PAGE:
Anejaculation is the inability to ejaculate semen despite sexual stimulation of the penis via intercourse or masturbation. It’s actually a fairly common problem and can be frustrating for a couple trying to have children since it can also lead to male infertility.
The symptoms presented by anejaculation are not to be confused by those of erectile dysfunction. During anejaculation, a man has a normal libido, gets aroused, has an erection, gets to the orgasm phase but there’s no sperm (which was the male reproductive cells and derived from the Greek word sperma meaning “seed”) that is ejected from the erect penis. After his orgasm, he loses the erection. Because of these conditions, anejaculation is usually self-diagnosed but due to the symptoms, it might be confused for male sexual dysfunction, retrograde ejaculation, or delayed ejaculation (previously known as male orgasmic disorder). It’s important to know the differences.
During a retrograde ejaculation, the semen (also known as seminal fluid – it is an organic fluid that may contain sperm and other enzymes that allow the sperm to swim and fertilize an egg) goes backward into the urinary bladder, rather than coming forward. In this case, the post orgasm urine is cloudy. When sent to the lab for examination, the doctor will find sperm in the urine. This is why it’s important to figure out whether it was retrograde ejaculation or anejaculation?
What causes Anejaculation?
There are two types: anorgasmic anejaculation and orgasmic anejaculation. An anorgasmic anejaculation is when a man never reaches an orgasm or sexual climax either via sexual activity such as intercourse or masturbation and therefore can’t ejaculate. There is no physical defect, instead his orgasm is limited by psychological causes and factors like stress therefore, he might need additional sexual stimulation during intercourse to reach an orgasm.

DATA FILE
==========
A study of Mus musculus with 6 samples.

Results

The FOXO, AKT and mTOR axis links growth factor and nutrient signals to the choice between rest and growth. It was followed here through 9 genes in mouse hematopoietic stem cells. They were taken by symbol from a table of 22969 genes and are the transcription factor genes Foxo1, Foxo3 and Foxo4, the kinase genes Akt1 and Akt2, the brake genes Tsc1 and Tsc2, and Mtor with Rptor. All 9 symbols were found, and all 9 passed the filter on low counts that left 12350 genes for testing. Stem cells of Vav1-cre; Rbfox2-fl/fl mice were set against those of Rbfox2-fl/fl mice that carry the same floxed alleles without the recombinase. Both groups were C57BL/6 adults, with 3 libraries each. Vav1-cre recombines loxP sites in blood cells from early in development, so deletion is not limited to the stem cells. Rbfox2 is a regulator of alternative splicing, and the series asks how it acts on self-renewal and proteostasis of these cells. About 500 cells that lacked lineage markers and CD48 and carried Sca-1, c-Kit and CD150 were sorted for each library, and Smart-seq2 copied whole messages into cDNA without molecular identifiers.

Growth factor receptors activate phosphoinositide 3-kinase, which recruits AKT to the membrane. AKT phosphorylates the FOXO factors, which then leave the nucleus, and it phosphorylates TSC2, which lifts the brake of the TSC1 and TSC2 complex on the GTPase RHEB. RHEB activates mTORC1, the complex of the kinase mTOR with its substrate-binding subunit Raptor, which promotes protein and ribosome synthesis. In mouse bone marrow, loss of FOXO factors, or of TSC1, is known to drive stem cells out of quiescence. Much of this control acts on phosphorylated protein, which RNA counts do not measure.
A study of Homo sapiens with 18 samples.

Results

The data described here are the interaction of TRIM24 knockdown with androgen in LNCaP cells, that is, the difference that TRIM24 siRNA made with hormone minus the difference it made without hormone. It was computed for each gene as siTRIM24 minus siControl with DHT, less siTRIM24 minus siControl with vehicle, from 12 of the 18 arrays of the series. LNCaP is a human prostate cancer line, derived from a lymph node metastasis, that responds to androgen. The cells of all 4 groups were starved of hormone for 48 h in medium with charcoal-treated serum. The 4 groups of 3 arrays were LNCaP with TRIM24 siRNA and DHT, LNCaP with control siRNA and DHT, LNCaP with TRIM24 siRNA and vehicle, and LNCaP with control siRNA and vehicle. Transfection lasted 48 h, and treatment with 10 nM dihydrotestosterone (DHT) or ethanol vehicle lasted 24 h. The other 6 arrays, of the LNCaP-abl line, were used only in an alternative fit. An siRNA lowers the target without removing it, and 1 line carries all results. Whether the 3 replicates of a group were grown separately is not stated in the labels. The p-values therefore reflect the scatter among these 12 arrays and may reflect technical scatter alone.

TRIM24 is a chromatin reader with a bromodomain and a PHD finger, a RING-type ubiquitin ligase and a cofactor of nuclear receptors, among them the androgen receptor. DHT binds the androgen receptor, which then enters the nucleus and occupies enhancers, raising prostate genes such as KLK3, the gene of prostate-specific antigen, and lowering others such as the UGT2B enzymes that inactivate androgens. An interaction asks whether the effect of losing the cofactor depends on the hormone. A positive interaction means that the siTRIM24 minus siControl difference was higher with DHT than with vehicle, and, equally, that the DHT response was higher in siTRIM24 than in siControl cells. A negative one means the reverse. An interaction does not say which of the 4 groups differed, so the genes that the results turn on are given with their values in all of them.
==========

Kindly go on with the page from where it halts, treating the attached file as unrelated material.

The other type is an orgasmic anejaculation. In this case, a man is fully erect, able to experience an orgasm, but not ejaculate. This could be due to blockage in his tubes or damage to the nerves. This could also be a combination of retrograde ejaculation, which is why it’s important to check the urine post intercourse and/or have an exam by a primary care doctor.
Anejaculation management or treatment will ultimately depend on what the underlying cause of the ejaculation problems and condition; diabetes, high blood pressure meds, antidepressants, or psychological factors like stress, sexual performance anxiety, relationships problems, or even fear of pregnancy. Normally, sex therapy, psychotherapy, and anti-anxiety meds can help with stress associated with situational anejaculation.
To receive treatment for symptoms of anejaculation, start by talking to your primary care doctor, however the catch is, they will ask for either a urine sample or a sperm sample.
How does one give a sperm sample if you can’t ejaculate?
In a relaxed environment, the doctor will create something called “coitus interruptus” – this basically the “pull out method” aka pulling out of a vagina before ejaculation and is often done at home so that a sperm sample can be collected in a beaker. If this is not possible, the doctor will attempt to vibrate the penis in an attempt to stimulate it to reach an orgasm and collect a sample for testing. This type of stimulation results in 60% of ejaculations. If vibrator therapy fails, the doctor will then perform electro-ejaculation. This involves the direct stimulation of the nerves in the seminal vesicles and is also a way to test if the nerves are damaged. During this procedure, the doctor can also check for any blockage and if surgery is needed to clear the blockage in the urethra.
Anejaculation can also be physical. If you have had surgery due to an enlarged prostate, have Parkinson’s Disease, Multiple Sclerosis, or diabetes – these can also cause anejaculation. Therefore, it’s important to talk to your doctor and find out what exactly is causing your condition and if there are treatment options available.